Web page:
An independent investigation has been launched in Britain into a top university's links with Libya after the university's director resigned over the controversy.
Britain’s London School of Economics had been put under the spotlight because of its ties to Gadhafi and his family.
The university accepted a research grant worth more than $2 million from a foundation run by Gadhafi’s son, Saif al-Islam Gadhafi.
On Thursday, the university’s director resigned, the first high-profile Briton to lose his job in connection with British business links with Libya. Sir Howard Davies told the BBC that he had to take responsibility for the damage done to the university’s reputation.
"I think the school will recover, it's a fine institution, which I have become very fond of," said Davies. "But I think it will recover more quickly if I accept responsibility for two errors of judgment."
Those two errors, he said, were advising the London School of Economics to accept the Ghadafi donation and to act himself as an unpaid economic envoy to Libya.
But he said the university's academic independence has not been infringed.
Rodney Wilson, an international relations expert at Britain’s Durham University, says accepting such a grant was a precarious undertaking.
"Quite a lot of this was basically to support research and conferences and workshops, which are supposed to be independent and unbiased," said Wilson. "Well, obviously if you're getting funding from Libya, that kind of undermines the academic integrity of such gatherings and research."
Now an investigation is to be launched into whether the London School of Economics' academic independence was breached.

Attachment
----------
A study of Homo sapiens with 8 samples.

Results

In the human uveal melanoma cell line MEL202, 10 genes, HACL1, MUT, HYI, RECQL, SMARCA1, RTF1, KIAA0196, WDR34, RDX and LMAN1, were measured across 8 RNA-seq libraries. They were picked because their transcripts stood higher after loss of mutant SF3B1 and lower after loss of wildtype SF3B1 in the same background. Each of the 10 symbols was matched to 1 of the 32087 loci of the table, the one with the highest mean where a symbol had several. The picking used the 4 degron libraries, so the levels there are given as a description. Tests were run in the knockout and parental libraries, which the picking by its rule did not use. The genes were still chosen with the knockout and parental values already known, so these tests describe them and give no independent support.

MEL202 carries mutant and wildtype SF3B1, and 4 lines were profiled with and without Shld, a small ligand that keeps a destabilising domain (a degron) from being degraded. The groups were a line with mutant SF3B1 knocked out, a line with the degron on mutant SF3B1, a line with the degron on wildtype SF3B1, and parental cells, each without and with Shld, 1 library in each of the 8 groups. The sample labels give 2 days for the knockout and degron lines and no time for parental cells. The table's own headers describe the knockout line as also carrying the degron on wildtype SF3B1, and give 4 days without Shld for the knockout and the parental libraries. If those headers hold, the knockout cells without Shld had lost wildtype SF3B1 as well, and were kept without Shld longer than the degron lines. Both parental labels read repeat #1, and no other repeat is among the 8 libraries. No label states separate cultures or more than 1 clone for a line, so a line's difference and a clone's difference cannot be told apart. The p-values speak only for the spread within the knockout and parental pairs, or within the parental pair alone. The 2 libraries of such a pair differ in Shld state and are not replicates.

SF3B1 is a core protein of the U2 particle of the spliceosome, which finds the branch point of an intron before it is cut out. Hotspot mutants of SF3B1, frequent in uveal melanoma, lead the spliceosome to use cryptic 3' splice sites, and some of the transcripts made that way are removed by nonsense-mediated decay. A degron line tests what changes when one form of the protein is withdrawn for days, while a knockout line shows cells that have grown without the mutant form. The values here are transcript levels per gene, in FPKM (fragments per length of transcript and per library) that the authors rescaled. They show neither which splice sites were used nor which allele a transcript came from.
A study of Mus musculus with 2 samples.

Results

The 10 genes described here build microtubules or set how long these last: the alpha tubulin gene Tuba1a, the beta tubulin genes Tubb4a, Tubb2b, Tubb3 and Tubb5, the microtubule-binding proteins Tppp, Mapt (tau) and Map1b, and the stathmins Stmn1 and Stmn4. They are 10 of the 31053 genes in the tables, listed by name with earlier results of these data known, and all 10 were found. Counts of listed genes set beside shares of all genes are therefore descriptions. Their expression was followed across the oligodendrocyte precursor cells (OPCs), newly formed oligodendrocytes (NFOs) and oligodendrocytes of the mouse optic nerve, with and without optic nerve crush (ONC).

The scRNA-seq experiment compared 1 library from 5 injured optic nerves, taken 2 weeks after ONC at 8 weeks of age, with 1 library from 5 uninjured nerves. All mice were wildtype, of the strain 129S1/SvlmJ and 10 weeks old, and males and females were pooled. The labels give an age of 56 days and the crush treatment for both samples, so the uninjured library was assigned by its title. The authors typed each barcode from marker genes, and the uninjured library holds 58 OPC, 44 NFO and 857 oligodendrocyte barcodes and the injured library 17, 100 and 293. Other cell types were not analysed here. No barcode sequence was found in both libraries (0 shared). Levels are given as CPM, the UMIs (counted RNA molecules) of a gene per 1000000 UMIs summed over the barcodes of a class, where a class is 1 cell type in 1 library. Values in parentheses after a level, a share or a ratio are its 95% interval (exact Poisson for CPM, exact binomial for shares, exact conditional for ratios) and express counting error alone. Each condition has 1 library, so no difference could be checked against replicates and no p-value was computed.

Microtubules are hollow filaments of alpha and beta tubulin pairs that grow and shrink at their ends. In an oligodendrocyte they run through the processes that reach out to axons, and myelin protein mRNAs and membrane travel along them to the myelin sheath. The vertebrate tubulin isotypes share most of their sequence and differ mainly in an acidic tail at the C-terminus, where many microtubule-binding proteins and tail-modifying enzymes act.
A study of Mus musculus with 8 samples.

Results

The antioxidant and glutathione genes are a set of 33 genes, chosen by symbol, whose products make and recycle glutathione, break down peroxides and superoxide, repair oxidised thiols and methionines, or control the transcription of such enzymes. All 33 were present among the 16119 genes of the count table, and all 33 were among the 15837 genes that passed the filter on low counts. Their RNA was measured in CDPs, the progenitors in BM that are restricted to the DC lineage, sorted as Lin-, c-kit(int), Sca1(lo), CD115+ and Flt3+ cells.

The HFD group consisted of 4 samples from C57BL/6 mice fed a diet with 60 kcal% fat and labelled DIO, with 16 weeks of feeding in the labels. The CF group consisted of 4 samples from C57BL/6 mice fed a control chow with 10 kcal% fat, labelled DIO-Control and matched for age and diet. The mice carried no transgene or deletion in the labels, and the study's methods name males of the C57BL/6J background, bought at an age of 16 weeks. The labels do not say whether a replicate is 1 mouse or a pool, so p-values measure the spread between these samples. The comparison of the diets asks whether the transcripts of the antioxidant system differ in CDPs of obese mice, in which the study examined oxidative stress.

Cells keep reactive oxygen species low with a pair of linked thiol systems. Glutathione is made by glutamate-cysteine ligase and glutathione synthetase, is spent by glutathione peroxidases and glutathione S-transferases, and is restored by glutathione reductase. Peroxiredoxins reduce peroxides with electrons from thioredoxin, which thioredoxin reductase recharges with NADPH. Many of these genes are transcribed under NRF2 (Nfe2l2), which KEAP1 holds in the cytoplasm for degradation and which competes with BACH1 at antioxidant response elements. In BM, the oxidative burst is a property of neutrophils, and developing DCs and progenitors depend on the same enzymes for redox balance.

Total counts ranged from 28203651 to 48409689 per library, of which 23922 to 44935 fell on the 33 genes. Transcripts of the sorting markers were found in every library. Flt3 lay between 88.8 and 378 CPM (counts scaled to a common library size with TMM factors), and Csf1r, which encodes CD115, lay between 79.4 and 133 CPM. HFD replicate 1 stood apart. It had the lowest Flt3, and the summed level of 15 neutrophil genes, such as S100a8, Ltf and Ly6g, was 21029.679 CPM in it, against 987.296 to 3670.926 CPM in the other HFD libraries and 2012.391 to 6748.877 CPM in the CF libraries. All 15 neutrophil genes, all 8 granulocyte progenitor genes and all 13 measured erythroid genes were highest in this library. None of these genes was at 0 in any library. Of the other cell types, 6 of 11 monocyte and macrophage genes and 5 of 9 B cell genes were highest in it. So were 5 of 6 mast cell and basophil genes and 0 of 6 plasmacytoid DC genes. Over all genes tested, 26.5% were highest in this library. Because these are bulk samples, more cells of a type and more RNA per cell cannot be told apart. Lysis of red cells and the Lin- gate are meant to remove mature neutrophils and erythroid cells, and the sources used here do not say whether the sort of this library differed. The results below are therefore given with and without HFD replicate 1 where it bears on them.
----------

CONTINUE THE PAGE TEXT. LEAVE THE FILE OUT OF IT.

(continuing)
Also investigated will be the doctoral degree of Gadhafi’s son, Saif al-Islam Gadhafi. There have been reports that Saif al-Islam Gadhafi, who had been a student at the London School of Economics, plagiarized his 2008 thesis.
Wilson says Saif al-Islam Gadhafi has for a long time played a key, though unofficial, role in financial relations between Libya and Britain.
"He was at the London School of Economics, he has always been a fairly frequent visitor to London," Wilson said. "And although he doesn't directly control the Libyan sovereign wealth fund, nevertheless obviously getting him on side was very important to any investments and deals that they have been involved in."
Libyan leader Gadhafi, once called the "mad dog of the Middle East" by a U.S. president [the late Ronald Reagan], was tied to terror attacks in Europe and accused of supplying the Irish Republican Army with weapons.
But in 2003 Gadhafi renounced terror, and Britain has worked hard to build business links with his country, the world’s 12th largest oil exporter.
In 2007, the British oil giant BP signed a deal with Libya worth at least $900 million.
"It was believed that by basically pursuing better relations with Gadhafi and his regime that this might wean them away from this sort of activity, and the evidence is that it has," Wilson explained.
Ghadafi spoke at the London School of Economics as recently as last December. The university has produced 16 Nobel Prize winners.